Organisations need to have an overarching view on the mental health of their employees, and how this is impacting organisational culture and performance. There was acknowledgement here that this involves ‘owning’ the mental health problem and root causes, and ensuring leadership has visibility on whether or not their current initiatives are working or not.
However, respondents were split on where the responsibility for wellbeing measurement lies, with many discussing an increasingly shared responsibility between wellbeing provider and client. It was mentioned that this would be particularly useful if they could provide evidence of impact broken down by age, gender, roles, hierarchy or geography. This would help providers to support their clients in making wellbeing more of an organisation-wide concern.
However, service providers talked about the need to engage in expectation setting and contracting, enabling a shared responsibility on the quality and utility of the data collected. As such, organisations need to take ownership and internally engage with the data collection process, as often external providers have their hands tied in how they can collect data without support from the organisation. A need to be transparent with what you are doing with the outcomes was also stressed, as mentioned in the previous section.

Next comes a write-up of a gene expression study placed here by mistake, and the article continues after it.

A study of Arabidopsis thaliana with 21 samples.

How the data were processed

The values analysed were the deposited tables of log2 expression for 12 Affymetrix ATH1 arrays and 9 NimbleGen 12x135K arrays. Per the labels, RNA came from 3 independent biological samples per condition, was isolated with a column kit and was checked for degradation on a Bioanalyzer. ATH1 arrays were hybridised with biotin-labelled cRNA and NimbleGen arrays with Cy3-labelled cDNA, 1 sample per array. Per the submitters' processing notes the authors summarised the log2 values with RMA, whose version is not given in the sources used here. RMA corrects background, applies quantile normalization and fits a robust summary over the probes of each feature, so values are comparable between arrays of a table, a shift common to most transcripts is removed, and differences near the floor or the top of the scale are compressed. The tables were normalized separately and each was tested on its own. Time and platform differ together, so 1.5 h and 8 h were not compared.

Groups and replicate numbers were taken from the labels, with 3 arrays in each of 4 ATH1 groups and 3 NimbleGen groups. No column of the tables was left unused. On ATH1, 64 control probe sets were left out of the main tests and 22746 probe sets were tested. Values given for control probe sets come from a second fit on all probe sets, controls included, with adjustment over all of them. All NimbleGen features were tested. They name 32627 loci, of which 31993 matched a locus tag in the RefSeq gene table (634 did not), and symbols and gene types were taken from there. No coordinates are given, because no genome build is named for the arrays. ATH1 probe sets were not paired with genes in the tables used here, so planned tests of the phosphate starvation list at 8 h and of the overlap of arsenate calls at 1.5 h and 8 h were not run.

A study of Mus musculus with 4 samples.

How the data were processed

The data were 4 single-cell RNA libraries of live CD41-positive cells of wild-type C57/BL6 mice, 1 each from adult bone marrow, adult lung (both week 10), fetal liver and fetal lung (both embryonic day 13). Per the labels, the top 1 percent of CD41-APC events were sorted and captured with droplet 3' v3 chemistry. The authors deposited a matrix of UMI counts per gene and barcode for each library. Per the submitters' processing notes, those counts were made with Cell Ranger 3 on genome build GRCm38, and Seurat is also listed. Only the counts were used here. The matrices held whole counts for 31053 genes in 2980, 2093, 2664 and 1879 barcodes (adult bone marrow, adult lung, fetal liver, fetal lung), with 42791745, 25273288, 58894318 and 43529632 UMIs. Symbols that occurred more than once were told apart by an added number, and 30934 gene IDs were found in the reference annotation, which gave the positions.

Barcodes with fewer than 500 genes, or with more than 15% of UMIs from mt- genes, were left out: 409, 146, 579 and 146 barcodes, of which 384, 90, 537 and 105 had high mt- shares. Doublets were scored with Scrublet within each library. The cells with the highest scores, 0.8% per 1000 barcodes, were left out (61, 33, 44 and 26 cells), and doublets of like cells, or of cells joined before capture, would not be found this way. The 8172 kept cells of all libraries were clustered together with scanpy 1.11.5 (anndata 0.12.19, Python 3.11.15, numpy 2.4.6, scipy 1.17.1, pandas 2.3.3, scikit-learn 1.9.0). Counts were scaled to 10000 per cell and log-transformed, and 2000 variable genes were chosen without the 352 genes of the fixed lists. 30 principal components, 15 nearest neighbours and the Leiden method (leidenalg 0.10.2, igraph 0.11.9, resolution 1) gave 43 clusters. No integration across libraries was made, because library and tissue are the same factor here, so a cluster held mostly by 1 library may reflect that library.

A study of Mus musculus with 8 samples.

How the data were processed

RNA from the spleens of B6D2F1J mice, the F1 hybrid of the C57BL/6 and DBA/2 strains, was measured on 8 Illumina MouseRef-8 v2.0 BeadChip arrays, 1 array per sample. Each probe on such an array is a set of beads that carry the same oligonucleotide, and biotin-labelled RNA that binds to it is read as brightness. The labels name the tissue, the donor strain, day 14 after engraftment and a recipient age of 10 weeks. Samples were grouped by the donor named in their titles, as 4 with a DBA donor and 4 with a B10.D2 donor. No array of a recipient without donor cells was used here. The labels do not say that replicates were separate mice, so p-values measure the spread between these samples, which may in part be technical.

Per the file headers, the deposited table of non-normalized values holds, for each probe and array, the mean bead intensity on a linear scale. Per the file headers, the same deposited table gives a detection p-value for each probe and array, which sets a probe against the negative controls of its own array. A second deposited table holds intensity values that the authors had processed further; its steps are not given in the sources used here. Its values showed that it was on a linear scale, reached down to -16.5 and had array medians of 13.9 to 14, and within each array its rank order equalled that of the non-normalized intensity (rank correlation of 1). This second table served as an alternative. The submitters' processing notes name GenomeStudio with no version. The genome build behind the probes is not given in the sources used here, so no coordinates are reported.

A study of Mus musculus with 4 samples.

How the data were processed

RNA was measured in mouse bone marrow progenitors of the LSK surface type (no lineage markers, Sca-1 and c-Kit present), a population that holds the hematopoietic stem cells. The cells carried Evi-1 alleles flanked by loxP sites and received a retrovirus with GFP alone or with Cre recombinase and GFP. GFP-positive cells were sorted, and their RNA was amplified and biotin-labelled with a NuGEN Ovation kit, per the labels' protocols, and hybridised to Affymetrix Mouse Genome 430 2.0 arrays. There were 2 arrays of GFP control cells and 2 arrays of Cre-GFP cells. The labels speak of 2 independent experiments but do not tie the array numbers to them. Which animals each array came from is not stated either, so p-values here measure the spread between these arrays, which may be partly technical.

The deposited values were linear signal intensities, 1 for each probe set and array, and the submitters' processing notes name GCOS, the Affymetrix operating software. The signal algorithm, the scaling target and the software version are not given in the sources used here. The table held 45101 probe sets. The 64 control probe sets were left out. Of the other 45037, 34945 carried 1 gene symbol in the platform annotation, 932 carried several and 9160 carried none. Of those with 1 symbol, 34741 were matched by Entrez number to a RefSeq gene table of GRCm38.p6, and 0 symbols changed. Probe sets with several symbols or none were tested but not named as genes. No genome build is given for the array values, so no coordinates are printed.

There was a feeling from some respondents that external verification from third party organisations has more clout than analysis that has been carried out internally. To ensure organisations put the required focus and resources towards the process, it was recommended by some that companies make a financial commitment to pay for their wellbeing analytics, because If analytics are provided for free or funded by a different spot in the chain, an ensuing lack of commitment will not necessarily deliver the required outcomes.